Geoffrey Wolff’s novel “The Final Club” has frequently been quoted here for its insightful sartorial observations, including on the importance of understatement in the Ivy wardrobe (contextual understatement, that is, with go-to-hell clothes being another matter entirely). The reason the sack cut became the default jacket style for the Ivy League Look was because it was the sartorial expression of the quality of understatement that the Eastern Establishment value. It also provided the air of casualness (as opposed to razor-sharp boulevardier tailoring) that resonated with young men on college campuses, whose tastes shaped so much of the look.
Here’s a passage from Wolff’s book, which is set at Princeton in the late ’50s:
Booth’s houndstooth, cut for his father on Savile Row by Huntsman during the Battle of Britain, was pinched at the waist; the boy rescued his presentation from foppery with a black knit tie and faded blue canvas Top-Sider sneakers, spattered by specks of bronze boat-bottom paint.
The passage got me thinking, but not about the character’s British-tailored jacket, which had to be rescued by “correct” Ivy items, but by the rescuing items themselves, specifically the black knit tie, which is essentially the only black item that ever achieved undisputed correctness in the Ivy wardrobe. So I asked Richard Press if he had any anecdotes or insight on how this one black item became an Ivy staple, saying it might make for a good column. Richard pointed out that he’d already done it.
Yes, we’re now at the point in the blog’s lifecycle where we come up with great ideas only to find we already did them 200 posts ago.
But the topic is worth visiting again in order to make the point that the severity of the black knit makes it a great neutralizer. So here’s a gallery of images, some of which have appeared previously on the site but never together, that together form a kind of visual ode to this neckwear classic.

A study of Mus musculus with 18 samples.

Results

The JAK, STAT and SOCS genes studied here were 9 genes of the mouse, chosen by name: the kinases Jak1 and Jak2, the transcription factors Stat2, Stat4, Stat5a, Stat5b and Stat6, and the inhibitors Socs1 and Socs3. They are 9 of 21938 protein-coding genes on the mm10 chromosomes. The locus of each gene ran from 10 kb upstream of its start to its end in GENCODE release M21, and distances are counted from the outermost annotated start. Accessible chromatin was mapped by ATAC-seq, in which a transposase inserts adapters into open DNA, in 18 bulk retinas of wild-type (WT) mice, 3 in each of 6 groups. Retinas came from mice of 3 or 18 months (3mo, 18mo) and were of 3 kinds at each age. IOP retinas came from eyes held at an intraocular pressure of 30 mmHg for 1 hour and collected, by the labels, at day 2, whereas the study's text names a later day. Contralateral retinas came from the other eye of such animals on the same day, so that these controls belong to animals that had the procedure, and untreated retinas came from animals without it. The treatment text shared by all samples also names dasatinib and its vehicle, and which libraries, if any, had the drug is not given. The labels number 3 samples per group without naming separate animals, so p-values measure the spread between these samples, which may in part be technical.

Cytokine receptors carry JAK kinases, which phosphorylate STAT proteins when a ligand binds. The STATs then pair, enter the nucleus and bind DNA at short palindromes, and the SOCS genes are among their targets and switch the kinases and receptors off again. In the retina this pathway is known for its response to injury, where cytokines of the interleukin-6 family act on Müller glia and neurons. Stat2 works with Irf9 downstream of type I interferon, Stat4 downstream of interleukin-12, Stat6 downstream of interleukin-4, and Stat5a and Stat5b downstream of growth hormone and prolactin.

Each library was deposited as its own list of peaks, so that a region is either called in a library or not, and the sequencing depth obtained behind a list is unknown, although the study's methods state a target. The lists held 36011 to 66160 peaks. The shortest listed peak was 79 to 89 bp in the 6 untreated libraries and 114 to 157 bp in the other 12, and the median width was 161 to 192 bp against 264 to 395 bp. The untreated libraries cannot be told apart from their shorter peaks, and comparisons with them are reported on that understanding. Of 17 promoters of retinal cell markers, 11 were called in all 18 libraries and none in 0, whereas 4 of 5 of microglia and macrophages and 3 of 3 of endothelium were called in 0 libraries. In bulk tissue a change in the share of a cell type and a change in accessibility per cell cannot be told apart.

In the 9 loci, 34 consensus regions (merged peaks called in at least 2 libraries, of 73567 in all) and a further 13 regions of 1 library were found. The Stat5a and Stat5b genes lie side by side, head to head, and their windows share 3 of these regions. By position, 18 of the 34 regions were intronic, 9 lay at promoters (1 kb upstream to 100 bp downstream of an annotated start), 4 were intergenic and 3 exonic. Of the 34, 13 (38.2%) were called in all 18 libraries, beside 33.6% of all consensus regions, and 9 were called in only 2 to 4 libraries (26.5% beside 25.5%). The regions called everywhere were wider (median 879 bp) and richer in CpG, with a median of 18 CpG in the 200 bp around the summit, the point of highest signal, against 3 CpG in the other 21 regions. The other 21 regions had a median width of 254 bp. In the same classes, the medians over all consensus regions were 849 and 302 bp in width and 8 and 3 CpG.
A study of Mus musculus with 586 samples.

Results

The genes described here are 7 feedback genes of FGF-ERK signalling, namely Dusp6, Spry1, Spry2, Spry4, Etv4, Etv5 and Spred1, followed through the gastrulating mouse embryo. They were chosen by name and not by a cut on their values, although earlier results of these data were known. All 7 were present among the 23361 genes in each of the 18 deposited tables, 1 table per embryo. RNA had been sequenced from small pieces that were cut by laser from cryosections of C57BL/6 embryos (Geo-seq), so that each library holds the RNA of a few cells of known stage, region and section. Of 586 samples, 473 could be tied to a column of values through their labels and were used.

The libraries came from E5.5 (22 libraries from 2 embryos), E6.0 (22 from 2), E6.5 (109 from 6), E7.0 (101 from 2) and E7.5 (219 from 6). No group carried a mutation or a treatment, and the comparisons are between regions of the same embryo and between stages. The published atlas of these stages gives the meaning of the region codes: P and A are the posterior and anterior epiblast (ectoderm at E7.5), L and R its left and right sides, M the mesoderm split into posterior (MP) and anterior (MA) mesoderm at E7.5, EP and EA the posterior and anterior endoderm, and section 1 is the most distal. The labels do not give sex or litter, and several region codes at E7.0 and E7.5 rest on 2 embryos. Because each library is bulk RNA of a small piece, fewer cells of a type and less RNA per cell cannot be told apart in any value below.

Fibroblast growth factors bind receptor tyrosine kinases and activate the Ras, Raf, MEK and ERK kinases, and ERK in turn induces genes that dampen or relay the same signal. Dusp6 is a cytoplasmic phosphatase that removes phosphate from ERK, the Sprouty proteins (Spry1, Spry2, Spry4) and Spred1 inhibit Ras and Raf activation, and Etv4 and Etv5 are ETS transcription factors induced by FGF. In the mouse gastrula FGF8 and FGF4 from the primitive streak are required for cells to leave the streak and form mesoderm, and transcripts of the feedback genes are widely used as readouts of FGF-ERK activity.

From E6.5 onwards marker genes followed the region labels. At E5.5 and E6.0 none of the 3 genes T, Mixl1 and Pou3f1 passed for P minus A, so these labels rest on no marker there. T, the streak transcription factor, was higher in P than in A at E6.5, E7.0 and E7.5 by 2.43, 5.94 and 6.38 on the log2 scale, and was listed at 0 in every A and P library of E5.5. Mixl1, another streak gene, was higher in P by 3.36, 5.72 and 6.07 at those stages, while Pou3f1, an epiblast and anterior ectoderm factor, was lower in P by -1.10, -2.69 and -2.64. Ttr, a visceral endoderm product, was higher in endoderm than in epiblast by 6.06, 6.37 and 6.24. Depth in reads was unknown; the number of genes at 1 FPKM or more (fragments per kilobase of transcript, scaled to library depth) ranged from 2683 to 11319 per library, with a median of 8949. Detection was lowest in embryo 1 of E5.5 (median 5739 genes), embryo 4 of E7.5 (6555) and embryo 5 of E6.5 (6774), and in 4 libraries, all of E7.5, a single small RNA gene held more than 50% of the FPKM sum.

Above, Paul Newman with inexplicable leather trim on breast pocket. Below, James Stewart:
The painter Jacob Lawrence:
From one of our early posts based on the LIFE archives:
“Take Ivy” author Shiro Ito:
Moving on to less celebrated tie wearers, here’s black-knit devotee P. Sears Schoonmaker:
Random web forum personality:
Joe from An Affordable Wardrobe, who’s also used the black knit to neutralize a Blackwatch sportcoat:
Me at the Easter Parade a couple of years ago:
I’ve been on a wool challis kick all this season, but I pulled out a black knit yesterday to inaugurate a new olive herringbone jacket.
Contrasting restraint and flamboyance (I couldn’t seem to find a less loaded term), is one of the keys, I think, to stylish dressing, and few items express restraint more than the black knit tie. — CC
Disclaimer: It’s possible some of the ties pictured above are actually navy.